Attention seeking: Older workers overlooked

Australian employers are improving employment engagement levels but more needs to be done to retain older workers.Mercer's 2011 What's Working Survey has revealed that while Australian employees…

Australian employers are improving employment engagement levels but more needs to be done to retain older workers.

Mercer's 2011 What's Working Survey has revealed that while Australian employees are more satisfied and engaged at work, they still want to leave. According to the survey, four in 10 Australian workers are seriously considering leaving their employer.

Older workers and Generation Y were pinpointed by the survey as the key groups of employees that are not entirely happy and more likely to leave their organisation.

The survey found that older workers aged 55-64 are more satisfied with the type of work they do and are less likely to leave, but feel they are being overlooked for career development opportunities. Only 40 per cent believe they have sufficient opportunity for growth and development, compared to 64 per cent of those aged 25-34. Older workers are also least likely to be satisfied with their pay, with 49 per cent saying they are paid fairly, compared to 66 per cent of 25-34 year olds and 51 per cent overall.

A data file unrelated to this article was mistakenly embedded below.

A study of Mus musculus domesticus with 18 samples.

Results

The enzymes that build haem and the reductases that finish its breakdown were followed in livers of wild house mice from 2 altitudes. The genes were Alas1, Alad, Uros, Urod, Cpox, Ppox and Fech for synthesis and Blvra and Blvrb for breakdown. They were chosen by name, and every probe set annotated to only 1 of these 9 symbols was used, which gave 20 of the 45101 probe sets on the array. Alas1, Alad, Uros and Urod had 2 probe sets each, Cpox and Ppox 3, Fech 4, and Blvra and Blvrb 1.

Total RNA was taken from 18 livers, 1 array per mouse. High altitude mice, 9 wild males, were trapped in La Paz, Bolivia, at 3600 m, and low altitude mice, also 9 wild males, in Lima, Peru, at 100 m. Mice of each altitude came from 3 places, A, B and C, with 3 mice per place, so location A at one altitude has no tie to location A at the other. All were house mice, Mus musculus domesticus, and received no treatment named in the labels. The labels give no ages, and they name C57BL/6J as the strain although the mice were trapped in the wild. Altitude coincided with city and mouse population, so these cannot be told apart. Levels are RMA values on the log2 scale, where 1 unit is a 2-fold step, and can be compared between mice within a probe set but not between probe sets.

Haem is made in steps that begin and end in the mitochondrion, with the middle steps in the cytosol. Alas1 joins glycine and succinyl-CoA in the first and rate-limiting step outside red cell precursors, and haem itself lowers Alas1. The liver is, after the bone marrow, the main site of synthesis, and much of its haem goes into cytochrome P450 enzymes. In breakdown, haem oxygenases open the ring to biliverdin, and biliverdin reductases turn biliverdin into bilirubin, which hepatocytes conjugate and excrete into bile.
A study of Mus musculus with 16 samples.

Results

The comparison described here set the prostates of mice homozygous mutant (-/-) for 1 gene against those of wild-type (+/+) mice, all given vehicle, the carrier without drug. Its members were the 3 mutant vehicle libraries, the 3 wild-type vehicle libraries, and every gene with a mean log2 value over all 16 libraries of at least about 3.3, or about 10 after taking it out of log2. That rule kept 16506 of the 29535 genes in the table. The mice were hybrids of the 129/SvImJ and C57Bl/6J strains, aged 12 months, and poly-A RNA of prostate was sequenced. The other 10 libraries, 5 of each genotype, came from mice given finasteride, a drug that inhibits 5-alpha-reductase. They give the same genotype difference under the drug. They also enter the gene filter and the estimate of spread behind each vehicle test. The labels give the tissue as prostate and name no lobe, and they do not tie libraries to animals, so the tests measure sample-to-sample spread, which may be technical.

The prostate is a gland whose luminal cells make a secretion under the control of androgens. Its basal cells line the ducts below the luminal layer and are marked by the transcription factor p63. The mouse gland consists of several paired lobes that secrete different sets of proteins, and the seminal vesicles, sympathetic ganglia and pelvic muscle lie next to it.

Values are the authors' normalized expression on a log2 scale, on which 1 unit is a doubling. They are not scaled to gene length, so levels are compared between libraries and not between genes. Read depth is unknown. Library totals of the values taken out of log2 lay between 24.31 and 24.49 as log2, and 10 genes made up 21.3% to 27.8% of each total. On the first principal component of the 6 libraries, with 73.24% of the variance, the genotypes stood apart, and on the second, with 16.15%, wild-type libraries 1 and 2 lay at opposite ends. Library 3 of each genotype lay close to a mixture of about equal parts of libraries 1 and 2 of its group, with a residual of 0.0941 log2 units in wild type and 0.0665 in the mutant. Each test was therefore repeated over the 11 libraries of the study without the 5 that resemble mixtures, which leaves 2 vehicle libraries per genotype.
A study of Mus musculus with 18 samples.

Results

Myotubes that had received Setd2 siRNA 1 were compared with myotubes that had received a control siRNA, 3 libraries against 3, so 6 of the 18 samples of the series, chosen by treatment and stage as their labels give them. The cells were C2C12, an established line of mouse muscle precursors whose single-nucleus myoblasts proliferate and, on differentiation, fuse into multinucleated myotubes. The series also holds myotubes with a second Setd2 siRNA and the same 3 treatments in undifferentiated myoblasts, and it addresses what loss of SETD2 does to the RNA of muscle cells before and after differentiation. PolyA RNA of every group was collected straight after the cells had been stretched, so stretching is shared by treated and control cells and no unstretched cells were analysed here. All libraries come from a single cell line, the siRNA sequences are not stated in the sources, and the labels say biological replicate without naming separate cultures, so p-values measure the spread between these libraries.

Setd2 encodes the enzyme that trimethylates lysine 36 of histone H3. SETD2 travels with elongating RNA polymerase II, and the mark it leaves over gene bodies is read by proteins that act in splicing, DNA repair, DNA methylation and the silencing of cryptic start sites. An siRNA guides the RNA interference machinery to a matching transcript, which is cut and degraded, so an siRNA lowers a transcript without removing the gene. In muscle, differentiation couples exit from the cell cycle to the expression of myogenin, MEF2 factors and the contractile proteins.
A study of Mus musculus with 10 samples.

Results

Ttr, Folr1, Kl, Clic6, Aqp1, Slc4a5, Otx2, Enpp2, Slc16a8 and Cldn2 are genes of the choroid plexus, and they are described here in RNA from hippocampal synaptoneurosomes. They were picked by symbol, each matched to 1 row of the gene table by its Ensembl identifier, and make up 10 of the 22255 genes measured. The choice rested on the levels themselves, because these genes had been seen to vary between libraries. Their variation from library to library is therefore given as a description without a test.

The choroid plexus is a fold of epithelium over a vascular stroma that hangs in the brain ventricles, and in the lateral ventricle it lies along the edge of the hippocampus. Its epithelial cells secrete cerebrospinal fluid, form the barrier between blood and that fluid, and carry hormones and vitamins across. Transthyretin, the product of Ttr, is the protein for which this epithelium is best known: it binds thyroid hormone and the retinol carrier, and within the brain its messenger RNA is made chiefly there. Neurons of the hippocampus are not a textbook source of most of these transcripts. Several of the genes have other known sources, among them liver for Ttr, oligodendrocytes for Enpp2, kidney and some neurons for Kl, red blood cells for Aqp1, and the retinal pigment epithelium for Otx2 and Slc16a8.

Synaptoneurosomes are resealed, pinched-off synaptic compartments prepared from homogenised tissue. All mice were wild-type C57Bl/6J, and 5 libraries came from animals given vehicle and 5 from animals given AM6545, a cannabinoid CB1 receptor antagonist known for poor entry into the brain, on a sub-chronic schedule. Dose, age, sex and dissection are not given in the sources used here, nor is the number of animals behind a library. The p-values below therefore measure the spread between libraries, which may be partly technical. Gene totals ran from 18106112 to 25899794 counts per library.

Mercer's human capital business leader for Australia and New Zealand, Rob Bebbington, said the research confirmed that older workers in particular remain an untapped opportunity.

"While Australian employers are getting many aspects of the employee engagement equation right, they're not making the most of the capabilities and ambitions of many groups within their organisation, which means they are potentially losing productivity and worst case scenario, key talent, which inevitably hits the bottom line," said Bebbington.

"Employers need to consider all aspects of the employment relationship and different stages of their employees work lifecycle. Our priorities and motivations change in life as we age and the same thinking has to be applied to the workforce."

Bebbington added that older workers are less likely to leave than Generation Y but report low levels of motivation and therefore they need more communication and development strategies.